Philadelphia’s Meek Mill has gained a devoted following via his mixtapes and guest verses over the past couple of years. His buzz extended from the streets to the rap blogs to the mainstream rap press and culminated in a record deal with the Rick Ross-led behemoth Maybach Music Group. But it remained to be seen whether Meek Mill could maintain his own identity or if signing with MMG would result in music that sounded exactly like his labelmates’ material.
Unfortunately, too many of the 14 songs on “Dreams and Nightmares” bleed into each other. Standouts like “Traumatized,” “Maybach Curtains,” “Young Kings” and “Tony Story Pt. 2” are the few tracks that allow the listener to suspend belief and focus on Meek’s strengths — his ability to paint pictures with lyrics, punctuated by his high-energy delivery. When Meek is forced to go away from his natural Philly-influenced street delivery and make MMG-style, club-centric speedboat music, he instantly becomes a mediocre, dime-a-dozen scream rapper yelling bars over repetitive trap beats.
Another problem with this album is the production. The standout songs previously mentioned are also the lone ‘change of pace’ tracks on “Dreams and Nightmares.” Whether the producer is Rightrydas Productions, Jahlil Beats or Cardiak, the beats sound like carbon copies of one another — and of previous MMG releases. Producer Boi-1da turns out to be one of the record’s shining stars by default, since he produced two of its four best songs.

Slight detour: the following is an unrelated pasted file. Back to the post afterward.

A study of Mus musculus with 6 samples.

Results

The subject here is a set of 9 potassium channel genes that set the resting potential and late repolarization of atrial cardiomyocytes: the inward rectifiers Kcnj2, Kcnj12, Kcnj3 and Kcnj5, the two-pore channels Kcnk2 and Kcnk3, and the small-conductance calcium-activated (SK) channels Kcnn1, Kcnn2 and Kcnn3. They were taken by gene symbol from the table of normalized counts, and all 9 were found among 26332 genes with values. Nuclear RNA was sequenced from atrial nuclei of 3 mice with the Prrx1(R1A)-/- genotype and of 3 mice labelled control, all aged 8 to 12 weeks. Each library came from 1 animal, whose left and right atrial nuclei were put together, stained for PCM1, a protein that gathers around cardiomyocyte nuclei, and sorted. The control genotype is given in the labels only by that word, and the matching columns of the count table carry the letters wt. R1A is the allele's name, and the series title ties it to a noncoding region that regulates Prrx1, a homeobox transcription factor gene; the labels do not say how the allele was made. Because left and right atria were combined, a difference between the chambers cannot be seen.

“Dreams and Nightmares” essentially sounds like a rehash of previous Rick Ross, Wale, Stalley and Gunplay material, down to its thematic choices. This is especially disappointing considering that Meek Mill could’ve potentially added a new introspective, lyrical but still aggressive voice to Maybach Music and widened its appeal. Unfortunately, Meek Mill’s Philly sound was drowned out by repetitive production, predictable club bangers, tired themes and an overall lack of imagination.
Ultimately, “Dreams and Nightmares” is more of a nightmare than a dream, even with high-profile guest appearances from Nas, Mary J. Blige, Rick Ross, Drake, John Legend and Trey Songz. While there are flashes of brilliance, Meek Mill’s album was undone by the fact that his label and handlers tried to make him fit into their already-established aesthetic rather than letting his uniqueness shine. In the end, there was too much Maybach Music and not enough Meek Mill. Once again, the music industry’s bottom line trumped any real musical creativity.